Weekends were the best time to be in the home. We all worked doubly hard to get the morning jobs done and the residents all up so that everyone could sit together and enjoy a cooked breakfast. The manager of the home came in every Saturday and Sunday in place of the chefs and helped us cook. I’d never seen so many rashers of bacon and sausages, but it all got eaten.
The therapy rooms were a wonderful place to spend times in. They were set up like snoozelums, with lights, smells, tactile objects and noises to stimulate the senses. Lying on the floor with the residents just enjoying their experience of the room was such a great experience. Even now I have fibre optic lights and disco bulbs in various places around the house…hmm could we bring this into RBCH???
Quite a few of the residents had epilepsy. We had to be really careful not to overstimulate them, too much laughter and hijinks often ended up with one of the boys or girls having a seizure – this is where someone displays signs or symptoms of abnormally excessive neuronal activity in the brain and can often be seen as uncontrolled jerking or a subtle momentary loss of consciousness. In this group of patients it came with little or no warning so we had to be on the look out to help avoid falls and head injuries. A seizure was often a very distressing experience, not only for the victim but also for fellow residents and staff.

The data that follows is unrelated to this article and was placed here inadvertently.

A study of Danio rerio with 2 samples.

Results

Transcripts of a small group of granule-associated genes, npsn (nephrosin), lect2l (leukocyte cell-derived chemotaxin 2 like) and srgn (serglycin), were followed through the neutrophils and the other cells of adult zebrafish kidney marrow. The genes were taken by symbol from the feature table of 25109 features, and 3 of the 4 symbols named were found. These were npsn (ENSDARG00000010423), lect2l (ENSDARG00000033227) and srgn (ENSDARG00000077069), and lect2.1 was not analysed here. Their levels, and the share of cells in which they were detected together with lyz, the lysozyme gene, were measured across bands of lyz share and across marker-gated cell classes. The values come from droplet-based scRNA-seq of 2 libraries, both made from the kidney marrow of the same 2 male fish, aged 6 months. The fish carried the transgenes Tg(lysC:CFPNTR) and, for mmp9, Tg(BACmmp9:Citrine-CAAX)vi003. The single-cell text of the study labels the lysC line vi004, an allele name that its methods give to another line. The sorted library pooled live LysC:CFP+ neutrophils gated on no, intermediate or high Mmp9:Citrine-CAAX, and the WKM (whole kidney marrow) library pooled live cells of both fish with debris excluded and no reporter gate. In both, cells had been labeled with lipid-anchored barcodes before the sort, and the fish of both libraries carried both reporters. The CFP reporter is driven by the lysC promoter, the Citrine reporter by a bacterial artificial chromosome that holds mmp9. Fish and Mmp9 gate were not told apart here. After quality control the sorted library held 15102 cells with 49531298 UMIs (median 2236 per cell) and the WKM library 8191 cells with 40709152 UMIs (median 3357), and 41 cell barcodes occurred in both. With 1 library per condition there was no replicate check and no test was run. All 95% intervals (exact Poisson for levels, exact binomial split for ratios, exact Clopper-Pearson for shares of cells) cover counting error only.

The house itself was located right on the New Brighton sea front. There was one young man who I regularly took out to explore the sand dunes and board walks. His muscles were so tight and rigid that he had a specially made wheel chair to help confirm to his shape. You could see the physical distress this posture brought to him despite medication and regular physiotherapy. Once we were out and moving along together you could see him start to relax and smile. It was at those times I was reminded what a unique position I was in. Young men and women with his handicap were not a regular sight on the streets of New Brighton and we got many stares. But walking tall and communicating with him as though it was just another day I tried as hard as I could to normalise it. We always returned to the home via the seafront walk with the ever changing views across the mouths of the River Dee and Mersey there was always something to point out and talk about.
I learnt how to deliver and document good care through this job. I worked with some amazing nurses who really inspired me. I can remember the day the head nurse called me into his office to have a quick chat. I honestly thought that it was a “P45” conversation. Instead he told me that I should apply for a student nurse placement. My partner at the time was already a student nurse but I had not thought of doing anything at a higher level until he suggested it.
I came home later that night and announced to my parents…..”I’m off to become a student nurse”….Dad stopped reading and studied me…”I’ve sent the paper work off. I just need to pass an exam and that’s the beginning of my career”. I think they both took a minute to absorb this. But true to form Dad was very supportive and Mum very pleased. I was not an easy young man to live with. I think they had visions of me filling the garage with motorbikes and following my Uncles path of hobbyist mechanic, but I don’t think they thought I would emulate his caring side.